This process can vary depending on your insurer and the type of claim you're making. But generally, if you need to make a travel insurance claim, you'll need to:

  • Contact your insurer as soon as possible. You should also contact the relevant authorities if you need too - you might need to do this if your belongings are stolen.
  • Collect supporting evidence for your claim, for example photos or any crime details the country's police force has given to you.
  • Give your insurer accurate and truthful information. The more information you give them, the easier it is for the insurer to assess your claim and the quicker you’ll likely be paid.

Some insurance claims are quickly settled over the phone. Others will require you to fill in forms and include or attach copies of all documentation you think may be relevant.

Many insurers allow you to submit forms online but if you’re sending yours in the post, keep your own copy of all supporting documentation and send it by special delivery so it’s signed and recorded.

If you're unsure of the quickest way of getting in touch with your insurer, you usually will find a telephone number and information about making a claim on your policy documents.

If your journey is delayed because your flight was cancelled, for example, you usually need written confirmation from your tour operator or carrier. Ideally, you'll need to get this at the time of the delay.

If that’s not possible, as soon as you are home, chase the carrier for a document explaining the delay.

The longer you leave it the more complicated it can be and you'll need proof of the delay to validate your claim. Airlines usually give compensation if the cancellation is the airline's responsibility, but it's worth checking with the airline company you fly with.

Keep your insurer’s emergency phone number and your travel insurance policy number handy in case you fall ill or have an accident and need to call while on holiday.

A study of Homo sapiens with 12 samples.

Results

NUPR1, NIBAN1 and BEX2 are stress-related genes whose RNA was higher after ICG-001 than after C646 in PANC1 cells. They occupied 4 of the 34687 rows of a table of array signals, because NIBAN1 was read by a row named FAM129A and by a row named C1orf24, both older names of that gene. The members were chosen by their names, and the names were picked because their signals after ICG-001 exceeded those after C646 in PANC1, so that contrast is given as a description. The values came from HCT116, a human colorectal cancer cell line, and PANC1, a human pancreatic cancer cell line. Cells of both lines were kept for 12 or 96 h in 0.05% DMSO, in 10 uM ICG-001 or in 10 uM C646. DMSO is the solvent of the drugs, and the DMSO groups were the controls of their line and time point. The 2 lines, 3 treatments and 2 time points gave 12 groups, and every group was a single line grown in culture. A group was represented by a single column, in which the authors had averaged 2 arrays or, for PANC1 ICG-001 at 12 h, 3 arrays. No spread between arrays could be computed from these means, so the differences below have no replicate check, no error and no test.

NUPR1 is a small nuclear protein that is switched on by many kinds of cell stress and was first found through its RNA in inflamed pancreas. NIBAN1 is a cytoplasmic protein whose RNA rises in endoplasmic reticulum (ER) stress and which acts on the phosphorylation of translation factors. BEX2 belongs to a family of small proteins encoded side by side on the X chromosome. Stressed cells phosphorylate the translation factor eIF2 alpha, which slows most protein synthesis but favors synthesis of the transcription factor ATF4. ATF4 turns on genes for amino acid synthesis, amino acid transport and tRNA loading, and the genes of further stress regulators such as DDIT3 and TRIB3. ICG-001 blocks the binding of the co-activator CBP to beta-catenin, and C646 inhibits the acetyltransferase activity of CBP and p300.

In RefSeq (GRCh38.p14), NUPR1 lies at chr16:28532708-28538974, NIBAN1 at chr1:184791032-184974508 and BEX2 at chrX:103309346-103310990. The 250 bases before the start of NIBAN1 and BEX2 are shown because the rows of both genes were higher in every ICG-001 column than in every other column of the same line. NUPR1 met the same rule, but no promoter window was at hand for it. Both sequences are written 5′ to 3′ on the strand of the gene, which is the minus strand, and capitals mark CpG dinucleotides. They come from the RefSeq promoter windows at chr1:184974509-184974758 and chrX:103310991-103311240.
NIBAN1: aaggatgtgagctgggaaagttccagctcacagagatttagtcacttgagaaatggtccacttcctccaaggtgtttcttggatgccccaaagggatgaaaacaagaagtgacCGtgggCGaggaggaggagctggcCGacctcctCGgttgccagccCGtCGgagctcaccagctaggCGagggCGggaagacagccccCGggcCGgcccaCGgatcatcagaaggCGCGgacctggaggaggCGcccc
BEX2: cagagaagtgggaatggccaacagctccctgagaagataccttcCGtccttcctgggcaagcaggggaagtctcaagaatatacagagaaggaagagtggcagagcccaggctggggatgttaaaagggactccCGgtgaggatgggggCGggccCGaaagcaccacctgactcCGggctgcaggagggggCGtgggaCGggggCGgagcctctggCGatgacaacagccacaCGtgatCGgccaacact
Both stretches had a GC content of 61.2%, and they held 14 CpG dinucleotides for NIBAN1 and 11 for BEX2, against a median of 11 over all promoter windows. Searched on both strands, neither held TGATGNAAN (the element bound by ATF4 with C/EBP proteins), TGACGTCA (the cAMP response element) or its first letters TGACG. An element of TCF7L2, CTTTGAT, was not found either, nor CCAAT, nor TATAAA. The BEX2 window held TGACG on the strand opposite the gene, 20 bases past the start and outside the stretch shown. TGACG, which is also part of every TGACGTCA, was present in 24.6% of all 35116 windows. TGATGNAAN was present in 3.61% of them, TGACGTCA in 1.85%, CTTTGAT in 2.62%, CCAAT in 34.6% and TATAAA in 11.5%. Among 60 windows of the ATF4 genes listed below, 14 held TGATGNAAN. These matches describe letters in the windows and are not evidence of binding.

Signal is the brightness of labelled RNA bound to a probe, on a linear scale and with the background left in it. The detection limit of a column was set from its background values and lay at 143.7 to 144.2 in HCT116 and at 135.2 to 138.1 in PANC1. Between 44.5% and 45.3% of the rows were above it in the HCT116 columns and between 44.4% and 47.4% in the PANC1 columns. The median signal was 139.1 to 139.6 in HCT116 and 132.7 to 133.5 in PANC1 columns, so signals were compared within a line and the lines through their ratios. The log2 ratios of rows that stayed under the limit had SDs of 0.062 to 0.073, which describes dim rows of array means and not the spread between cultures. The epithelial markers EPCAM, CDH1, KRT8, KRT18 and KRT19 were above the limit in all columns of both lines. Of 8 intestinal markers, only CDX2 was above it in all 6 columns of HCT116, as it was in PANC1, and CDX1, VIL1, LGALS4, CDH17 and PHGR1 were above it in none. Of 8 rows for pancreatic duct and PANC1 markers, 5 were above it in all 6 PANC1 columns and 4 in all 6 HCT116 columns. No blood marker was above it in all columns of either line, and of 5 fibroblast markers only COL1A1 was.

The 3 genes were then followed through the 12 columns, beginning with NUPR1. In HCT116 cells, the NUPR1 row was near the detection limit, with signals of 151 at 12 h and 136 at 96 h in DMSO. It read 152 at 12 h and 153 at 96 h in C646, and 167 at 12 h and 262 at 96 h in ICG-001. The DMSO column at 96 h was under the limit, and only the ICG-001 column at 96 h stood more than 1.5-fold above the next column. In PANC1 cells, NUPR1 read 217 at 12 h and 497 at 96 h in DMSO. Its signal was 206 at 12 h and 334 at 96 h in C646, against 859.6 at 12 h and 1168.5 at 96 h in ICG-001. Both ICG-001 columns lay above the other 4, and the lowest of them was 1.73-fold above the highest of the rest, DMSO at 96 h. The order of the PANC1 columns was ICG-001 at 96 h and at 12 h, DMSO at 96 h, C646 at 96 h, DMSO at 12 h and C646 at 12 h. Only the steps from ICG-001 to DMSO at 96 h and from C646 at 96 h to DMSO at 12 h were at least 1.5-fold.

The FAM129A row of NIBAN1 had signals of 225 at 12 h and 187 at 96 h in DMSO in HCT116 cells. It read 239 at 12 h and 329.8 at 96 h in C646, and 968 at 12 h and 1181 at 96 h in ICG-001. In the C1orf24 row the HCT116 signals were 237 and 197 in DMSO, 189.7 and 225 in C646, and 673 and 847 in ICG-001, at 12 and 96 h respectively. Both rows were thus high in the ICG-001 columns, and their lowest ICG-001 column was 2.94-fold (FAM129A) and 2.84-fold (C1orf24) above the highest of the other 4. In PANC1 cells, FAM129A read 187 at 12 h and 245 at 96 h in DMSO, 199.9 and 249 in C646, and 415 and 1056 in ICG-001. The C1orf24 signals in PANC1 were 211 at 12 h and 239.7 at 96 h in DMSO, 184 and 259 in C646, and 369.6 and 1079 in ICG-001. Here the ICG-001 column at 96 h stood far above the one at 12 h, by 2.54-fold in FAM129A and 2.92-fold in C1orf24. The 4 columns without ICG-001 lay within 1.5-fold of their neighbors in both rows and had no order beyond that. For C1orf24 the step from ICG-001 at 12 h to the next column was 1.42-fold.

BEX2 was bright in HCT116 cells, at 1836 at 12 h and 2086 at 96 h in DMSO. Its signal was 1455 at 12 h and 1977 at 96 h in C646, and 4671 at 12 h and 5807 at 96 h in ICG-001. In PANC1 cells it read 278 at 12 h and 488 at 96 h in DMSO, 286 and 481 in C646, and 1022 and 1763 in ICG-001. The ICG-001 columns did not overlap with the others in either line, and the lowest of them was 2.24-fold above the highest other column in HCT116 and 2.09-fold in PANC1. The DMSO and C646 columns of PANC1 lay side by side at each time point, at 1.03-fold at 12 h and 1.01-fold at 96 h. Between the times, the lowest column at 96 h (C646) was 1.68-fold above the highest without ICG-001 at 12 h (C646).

If you’re travelling with someone else, give them a copy of the details, as it may be that you’re unable to make the phone call.

For routine non-emergency out-patient care or routine treatments costing less than a few hundred pounds it’s likely you will need to pay the upfront costs.

Keep all of the receipts so you can claim the money back later, once you’re home.

For major expenses, contact your insurer as soon as possible. Use the emergency number and give as many details about your condition and likely treatment as you can.

If you need follow-up care, you may need to speak to your insurer at each stage, to ensure the costs (excluding any excess) will be met.

Keep hold of any papers that the hospital or clinic gives you. Check medical reports are signed and dated and they have the address of the place you were given medical treatment.

When you're home, you may want to call your local doctors to inform them of the medical event.

If you’re a victim of a crime during your holidays, to make a claim, you’ll need to get a local police report within 24 hours of the incident.

It’ll be difficult to sort this out once you get home and most insurers won’t pay up unless you’ve reported the incident to the police.

It’s hard to think straight when things go wrong but fill in all documents accurately and keep hold of the contact details of the people you spoke to.